How does a hard money lender value property?

In today’s real estate world, obtaining a loan is no longer a matter of “when” but a conditional “if.” Traditional banking institutes, heavily slapped by Big Government’s ever-domineering hand – are now required to follow stringent regulations that makes the loan process more difficult than ever before.

When a real estate investor is faced with rejection by a traditional banking institute, often the only remaining financing option is a hard money lender. One of the most commonly asked questions is, “How does a hard money lender value property?” There are a number of methods used by hard money lenders, including:

  • Appraisals – Often the most recognized and valued source for a property’s valuation, appraisals are often the ultimate authority on value. Appraisals are simply the professional opinion of an educated, licensed appraiser. However, sometimes even appraisers forget that a property’s true value is what someone is willing and able to pay. Recently, the real estate market is witnessing that value is less about what buyers are willing to pay and consistently becoming about what they are able to pay.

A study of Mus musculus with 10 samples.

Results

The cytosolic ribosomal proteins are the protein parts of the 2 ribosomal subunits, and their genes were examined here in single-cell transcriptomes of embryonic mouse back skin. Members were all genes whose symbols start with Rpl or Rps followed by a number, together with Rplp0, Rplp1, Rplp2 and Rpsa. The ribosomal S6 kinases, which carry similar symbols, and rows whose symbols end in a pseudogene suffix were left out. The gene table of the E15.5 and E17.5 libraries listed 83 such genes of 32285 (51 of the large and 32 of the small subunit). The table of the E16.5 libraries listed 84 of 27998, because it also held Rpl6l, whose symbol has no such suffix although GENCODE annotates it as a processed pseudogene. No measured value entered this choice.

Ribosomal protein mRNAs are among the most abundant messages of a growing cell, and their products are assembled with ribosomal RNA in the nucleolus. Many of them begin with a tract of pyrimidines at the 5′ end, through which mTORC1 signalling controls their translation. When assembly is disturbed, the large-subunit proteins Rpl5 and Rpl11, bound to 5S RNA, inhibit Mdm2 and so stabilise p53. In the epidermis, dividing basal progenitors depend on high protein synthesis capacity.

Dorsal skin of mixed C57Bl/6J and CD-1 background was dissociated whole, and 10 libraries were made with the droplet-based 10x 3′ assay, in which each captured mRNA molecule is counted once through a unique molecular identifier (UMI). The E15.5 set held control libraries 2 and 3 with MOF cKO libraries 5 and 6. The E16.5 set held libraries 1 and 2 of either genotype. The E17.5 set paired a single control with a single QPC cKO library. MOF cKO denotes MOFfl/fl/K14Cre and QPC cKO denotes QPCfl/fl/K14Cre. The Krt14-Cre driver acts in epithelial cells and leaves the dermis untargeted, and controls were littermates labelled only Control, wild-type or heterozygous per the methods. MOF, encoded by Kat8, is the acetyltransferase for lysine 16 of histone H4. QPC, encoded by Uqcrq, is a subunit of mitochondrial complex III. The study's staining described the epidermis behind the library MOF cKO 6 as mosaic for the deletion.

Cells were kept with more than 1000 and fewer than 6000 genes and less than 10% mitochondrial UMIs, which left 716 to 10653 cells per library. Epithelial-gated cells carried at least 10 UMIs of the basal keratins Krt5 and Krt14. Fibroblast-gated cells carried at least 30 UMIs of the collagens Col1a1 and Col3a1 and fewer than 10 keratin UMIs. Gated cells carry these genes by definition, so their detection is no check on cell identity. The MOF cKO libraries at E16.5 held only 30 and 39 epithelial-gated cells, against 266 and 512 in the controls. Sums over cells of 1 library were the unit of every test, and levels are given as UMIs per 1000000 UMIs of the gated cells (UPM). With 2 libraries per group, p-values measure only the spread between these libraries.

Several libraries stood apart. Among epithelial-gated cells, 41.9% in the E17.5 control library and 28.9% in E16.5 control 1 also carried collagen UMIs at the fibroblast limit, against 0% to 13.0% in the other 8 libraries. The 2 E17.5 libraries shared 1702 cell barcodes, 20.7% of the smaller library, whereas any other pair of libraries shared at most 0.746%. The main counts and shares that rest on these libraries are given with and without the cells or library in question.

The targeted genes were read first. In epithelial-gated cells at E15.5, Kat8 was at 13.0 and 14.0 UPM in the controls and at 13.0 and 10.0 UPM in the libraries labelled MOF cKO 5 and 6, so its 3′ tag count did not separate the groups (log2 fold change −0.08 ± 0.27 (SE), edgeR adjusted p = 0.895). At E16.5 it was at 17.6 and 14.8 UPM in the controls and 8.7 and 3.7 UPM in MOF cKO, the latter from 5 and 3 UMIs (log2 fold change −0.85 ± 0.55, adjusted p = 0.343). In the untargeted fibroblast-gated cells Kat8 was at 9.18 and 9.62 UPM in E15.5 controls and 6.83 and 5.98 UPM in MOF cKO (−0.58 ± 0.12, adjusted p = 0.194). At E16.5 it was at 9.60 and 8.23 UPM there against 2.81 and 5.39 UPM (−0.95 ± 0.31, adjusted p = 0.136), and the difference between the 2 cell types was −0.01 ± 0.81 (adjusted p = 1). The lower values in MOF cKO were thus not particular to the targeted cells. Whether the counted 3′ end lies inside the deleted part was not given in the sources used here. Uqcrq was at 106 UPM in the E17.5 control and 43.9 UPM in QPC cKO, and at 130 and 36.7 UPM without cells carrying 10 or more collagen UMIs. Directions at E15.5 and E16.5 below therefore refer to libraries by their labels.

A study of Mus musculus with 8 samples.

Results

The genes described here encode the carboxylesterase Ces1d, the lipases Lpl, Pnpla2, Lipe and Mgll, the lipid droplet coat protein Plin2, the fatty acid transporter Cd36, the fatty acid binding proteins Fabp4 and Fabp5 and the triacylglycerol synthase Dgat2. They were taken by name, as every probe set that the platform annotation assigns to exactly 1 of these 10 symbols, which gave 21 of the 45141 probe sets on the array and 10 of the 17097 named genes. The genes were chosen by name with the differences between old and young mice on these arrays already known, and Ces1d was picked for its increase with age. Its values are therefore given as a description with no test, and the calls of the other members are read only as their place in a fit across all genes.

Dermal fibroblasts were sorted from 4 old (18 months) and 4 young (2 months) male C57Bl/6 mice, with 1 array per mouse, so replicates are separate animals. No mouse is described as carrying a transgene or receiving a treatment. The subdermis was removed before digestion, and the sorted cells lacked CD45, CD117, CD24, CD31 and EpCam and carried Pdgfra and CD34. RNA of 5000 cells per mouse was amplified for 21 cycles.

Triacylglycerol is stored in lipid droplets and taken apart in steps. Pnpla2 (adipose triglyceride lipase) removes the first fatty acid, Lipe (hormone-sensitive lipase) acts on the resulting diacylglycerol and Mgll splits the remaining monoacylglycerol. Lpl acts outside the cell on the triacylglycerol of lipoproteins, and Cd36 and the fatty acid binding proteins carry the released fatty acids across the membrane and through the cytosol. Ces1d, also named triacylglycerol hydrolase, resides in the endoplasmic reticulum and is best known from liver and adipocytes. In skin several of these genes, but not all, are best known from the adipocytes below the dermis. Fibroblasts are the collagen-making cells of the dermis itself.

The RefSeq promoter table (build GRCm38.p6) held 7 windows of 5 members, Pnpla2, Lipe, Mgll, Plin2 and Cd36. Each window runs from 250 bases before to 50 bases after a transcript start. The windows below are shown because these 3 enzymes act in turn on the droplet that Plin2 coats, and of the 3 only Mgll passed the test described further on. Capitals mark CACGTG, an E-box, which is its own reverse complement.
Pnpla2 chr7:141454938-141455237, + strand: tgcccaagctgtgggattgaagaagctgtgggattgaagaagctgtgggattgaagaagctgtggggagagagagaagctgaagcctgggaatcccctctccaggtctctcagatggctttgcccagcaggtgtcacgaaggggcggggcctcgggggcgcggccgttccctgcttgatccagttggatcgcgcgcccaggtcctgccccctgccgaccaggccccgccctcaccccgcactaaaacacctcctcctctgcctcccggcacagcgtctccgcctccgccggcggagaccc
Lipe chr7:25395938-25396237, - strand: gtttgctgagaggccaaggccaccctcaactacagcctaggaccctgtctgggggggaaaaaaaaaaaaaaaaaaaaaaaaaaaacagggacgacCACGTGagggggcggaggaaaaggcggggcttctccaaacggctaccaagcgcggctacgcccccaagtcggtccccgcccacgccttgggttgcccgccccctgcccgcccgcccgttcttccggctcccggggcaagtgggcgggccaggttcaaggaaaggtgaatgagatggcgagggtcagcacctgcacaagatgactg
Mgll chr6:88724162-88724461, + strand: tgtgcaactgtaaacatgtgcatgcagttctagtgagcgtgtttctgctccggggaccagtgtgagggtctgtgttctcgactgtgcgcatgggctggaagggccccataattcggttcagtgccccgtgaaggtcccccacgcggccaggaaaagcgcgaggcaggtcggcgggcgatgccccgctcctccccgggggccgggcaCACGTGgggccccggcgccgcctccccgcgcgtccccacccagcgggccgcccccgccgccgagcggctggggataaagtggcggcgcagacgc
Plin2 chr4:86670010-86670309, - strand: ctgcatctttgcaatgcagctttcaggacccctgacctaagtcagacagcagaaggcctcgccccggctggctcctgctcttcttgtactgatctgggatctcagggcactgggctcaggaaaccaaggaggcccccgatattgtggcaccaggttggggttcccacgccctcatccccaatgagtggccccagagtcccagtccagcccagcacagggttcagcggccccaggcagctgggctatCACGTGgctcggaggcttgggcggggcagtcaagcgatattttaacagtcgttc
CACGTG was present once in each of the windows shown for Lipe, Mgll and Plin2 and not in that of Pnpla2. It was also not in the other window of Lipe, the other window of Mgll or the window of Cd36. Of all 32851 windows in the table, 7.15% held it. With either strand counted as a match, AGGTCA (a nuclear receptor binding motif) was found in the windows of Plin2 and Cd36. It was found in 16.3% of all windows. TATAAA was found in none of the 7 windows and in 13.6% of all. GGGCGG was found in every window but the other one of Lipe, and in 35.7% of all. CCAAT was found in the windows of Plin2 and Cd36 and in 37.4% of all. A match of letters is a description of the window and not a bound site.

• Tax Valuations – Sometimes this can serve as a benchmark for valuing a property and hard money lenders will check values with local county assessor departments. However, this is not always a dependable source of information, as sometimes tax values can lag in either positive or negative directions, as they don’t occur every year, but sometimes every four years.
  • Broker Price Opinion – Known as a BPO in the industry, this is an economical solution to valuing a property. Combining a local real estate expert’s knowledge of the local market and industry, BPO’s can be used for worst-case and best-case resale and value scenarios.
  • The Common-Sense Approach – While this is rarely used, it is seeing a comeback in the real estate market. This method is often described as “old school” but the bottom line is that it’s simple, fast and reliable. Ultimately a lender can ask him/herself, “If the borrower were to foreclose, would I want to own this property?” Lenders don’t want to own properties that they can’t unload in emergency-type situations.

Ultimately, borrowers must remember that hard money lenders are also investors. They’re not a banking institution, but one that relies on personal funds from investors to jump start real estate projects. Their investors expect an interest return on their investments, and if they’re not able to provide that return, they have failed as a company.

Just as with any profit making company, if the market isn’t right, hard money lenders are not going to loan on everything that comes their way. They too need to be selective about the properties they invest in, as they are looking for guaranteed returns that aren’t simply marginal but profitable.